Updated: Sep 19, 2023
  • Author: Mark Steele, MD; Chief Editor: Herbert S Diamond, MD  more...

Tendonitis is an inflammatory condition characterized by pain at tendinous insertions into bone. The term tendinosis refers to the histopathologic finding of tendon degeneration. The term tendinopathy is a generic term used to describe a common clinical condition that affects the tendons, causing pain, swelling, or impaired performance. Because of the fact that most pain from tendon conditions is not actually inflammatory in nature, tendinopathy may be a better term than tendonitis.

Common sites of tendinopathy include the following:

  • Rotator cuff of the shoulder (ie, supraspinatus) and bicipital tendons
  • Insertion of the wrist extensors (ie, lateral epicondylitis, tennis elbow) and flexors (ie, medial epicondylitis) at the elbow
  • Patellar and popliteal tendons and iliotibial band at the knee
  • Insertion of the posterior tibial tendon in the leg (ie, shin splints)
  • Achilles tendon at the heel

Diagnosis of tendinopathy is based on history and physical examination findings (see Presentation). The role of imaging studies is as follows (see Workup):

  •  Radiographs may be indicated if a history of trauma is present, but findings usually are negative with tendinopathy.
  • Further imaging studies, such as ultrasonography and MRI, are usually reserved for cases in which the diagnosis is unclear or conservative management treatment fails.

For all forms of tendinopathy, treatment centers on nonpharmacologic measures, including the following:

  • Rest
  • Cooling
  • Splinting and/or immobilization
  • Strengthening and stretching exercises once the pain has subsided

Additional therapeutic measures include the following:

  • For pain relief, analgesics or oral or topical nonsteroidal anti-inflammatory drugs (although the vast majority of tendinopathies are not inflammatory)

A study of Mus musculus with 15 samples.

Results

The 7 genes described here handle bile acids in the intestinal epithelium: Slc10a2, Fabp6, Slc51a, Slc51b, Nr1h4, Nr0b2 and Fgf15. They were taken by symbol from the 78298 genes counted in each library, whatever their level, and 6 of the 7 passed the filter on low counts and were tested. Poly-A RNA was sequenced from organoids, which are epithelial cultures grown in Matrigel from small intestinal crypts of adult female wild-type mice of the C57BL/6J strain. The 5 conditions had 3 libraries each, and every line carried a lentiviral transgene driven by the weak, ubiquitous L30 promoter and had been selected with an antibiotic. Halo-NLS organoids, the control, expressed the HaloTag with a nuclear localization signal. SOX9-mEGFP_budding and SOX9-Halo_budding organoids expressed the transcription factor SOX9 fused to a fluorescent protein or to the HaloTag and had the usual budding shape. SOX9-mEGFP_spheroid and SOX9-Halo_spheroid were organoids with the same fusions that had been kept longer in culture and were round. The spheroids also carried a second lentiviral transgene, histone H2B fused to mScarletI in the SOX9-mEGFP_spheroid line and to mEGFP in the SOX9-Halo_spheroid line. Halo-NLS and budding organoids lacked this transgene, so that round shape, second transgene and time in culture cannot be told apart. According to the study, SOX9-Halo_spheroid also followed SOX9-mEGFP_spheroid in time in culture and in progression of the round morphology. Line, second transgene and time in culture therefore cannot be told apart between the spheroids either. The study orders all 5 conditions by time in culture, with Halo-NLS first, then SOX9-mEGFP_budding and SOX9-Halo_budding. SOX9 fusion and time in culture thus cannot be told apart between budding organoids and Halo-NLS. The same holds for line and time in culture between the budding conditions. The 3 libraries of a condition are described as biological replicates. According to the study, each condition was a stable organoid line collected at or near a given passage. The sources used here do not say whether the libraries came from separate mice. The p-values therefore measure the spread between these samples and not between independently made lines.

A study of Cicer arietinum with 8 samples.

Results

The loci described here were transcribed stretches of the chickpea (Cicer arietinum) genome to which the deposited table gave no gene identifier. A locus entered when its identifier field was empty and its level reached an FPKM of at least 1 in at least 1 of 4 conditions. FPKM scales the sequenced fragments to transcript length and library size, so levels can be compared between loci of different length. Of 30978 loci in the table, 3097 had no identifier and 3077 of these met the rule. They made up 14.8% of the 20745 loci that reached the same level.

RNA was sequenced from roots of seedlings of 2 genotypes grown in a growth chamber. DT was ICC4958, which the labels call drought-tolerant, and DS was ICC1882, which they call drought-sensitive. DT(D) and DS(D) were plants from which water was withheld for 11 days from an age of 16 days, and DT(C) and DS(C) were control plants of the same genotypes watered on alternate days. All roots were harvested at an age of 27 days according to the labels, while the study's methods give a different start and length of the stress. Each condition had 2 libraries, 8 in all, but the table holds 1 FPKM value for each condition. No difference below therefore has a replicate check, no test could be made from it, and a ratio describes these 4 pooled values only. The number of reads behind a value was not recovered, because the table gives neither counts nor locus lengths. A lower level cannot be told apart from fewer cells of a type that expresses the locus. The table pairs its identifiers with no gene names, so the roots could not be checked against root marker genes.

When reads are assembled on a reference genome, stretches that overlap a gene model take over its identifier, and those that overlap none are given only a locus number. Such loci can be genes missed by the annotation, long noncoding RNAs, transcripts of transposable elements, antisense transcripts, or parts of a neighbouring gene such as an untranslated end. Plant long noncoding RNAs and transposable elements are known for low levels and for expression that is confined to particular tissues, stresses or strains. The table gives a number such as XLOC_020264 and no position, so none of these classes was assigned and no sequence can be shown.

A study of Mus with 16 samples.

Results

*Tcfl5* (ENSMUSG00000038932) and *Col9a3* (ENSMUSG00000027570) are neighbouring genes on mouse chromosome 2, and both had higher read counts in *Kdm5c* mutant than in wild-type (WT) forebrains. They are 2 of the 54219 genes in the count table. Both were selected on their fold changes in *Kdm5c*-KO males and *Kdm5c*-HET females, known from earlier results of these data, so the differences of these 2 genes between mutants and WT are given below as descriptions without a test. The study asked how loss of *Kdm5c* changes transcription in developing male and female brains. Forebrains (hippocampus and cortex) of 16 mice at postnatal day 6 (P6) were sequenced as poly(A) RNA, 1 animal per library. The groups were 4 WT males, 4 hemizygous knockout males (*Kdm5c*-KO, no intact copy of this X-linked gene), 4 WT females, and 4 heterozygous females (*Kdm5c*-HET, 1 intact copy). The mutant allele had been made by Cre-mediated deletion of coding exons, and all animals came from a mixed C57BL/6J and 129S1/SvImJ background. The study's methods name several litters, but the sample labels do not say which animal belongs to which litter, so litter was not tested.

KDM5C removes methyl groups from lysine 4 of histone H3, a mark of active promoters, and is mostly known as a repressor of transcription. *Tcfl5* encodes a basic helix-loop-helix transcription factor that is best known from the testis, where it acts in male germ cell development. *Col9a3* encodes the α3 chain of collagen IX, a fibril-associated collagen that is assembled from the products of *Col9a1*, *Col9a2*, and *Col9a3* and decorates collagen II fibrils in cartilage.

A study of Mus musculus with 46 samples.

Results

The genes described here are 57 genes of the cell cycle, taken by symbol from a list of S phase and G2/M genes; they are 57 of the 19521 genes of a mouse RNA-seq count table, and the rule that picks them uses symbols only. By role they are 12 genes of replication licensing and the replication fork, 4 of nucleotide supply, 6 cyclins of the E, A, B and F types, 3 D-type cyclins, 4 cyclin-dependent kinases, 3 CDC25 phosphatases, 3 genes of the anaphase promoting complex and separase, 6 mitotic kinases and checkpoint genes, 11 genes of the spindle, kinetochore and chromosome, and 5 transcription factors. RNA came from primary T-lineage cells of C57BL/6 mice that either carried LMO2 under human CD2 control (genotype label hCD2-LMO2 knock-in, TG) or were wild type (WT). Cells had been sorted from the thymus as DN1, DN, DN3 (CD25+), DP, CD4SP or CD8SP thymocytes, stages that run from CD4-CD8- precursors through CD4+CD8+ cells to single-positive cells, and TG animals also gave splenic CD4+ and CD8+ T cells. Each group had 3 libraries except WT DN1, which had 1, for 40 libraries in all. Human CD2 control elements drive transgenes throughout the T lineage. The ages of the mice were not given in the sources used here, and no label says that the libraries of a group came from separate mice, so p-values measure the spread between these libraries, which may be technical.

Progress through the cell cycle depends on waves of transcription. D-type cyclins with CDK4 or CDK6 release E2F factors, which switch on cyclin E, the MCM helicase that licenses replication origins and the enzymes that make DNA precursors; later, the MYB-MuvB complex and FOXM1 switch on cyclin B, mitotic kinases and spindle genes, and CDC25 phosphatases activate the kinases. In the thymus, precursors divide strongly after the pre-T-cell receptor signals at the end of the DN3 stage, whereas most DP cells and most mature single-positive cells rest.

• In calcific tendonitis of the shoulder, ultrasound-guided needling and lavage
  • In cases unresponsive to conservative therapy, corticosteroid injections can be considered, although the short-term pain relief they may provide might come at the expense of long-term recovery, and they are contraindicated in Achilles tendinopathy
  • In casess unresponsive to conservative therapy, arthroscopic or open surgical tendon decompression and tenodesis

See Treatment for more detail.



Tendons transmit the forces of muscle to the skeleton. As such, they are subjected to repeated mechanical loads, which are felt to be a major causative factor in the development of tendinopathy. Pathologic findings include tendon inflammation, mucoid degeneration, and fibrinoid necrosis in tendons. Microtearing and proliferation of fibroblasts have also been reported. However, the exact pathogenesis of tendinopathy is unclear.



Middle-aged adults are most susceptible to the development of tendinopathy.



In general, the prognosis is very good with rest and conservative therapy. Chronic tendinopathy can lead to weakening of the tendon and subsequent rupture. Complications of tendonitis may include chronic disability, tendon rupture, and adhesive capsulitis (ie, frozen shoulder).


Patient Education

Quadriceps strengthening exercises is helpful for patellar tendinopathy and change in training routine and/or equipment, if indicated. Runners with Achilles tendinopathy should wear proper footwear, run on softer surfaces, and avoid hills. Patients with tennis elbow should maintain proper backhand technique, use a less tightly strung racket, and play on slower surfaces. Range-of-motion exercises are recommended for patients with rotator cuff tendinopathy to avoid complication of adhesive capsulitis.

For patient education information, see Tendinitis and Tennis Elbow.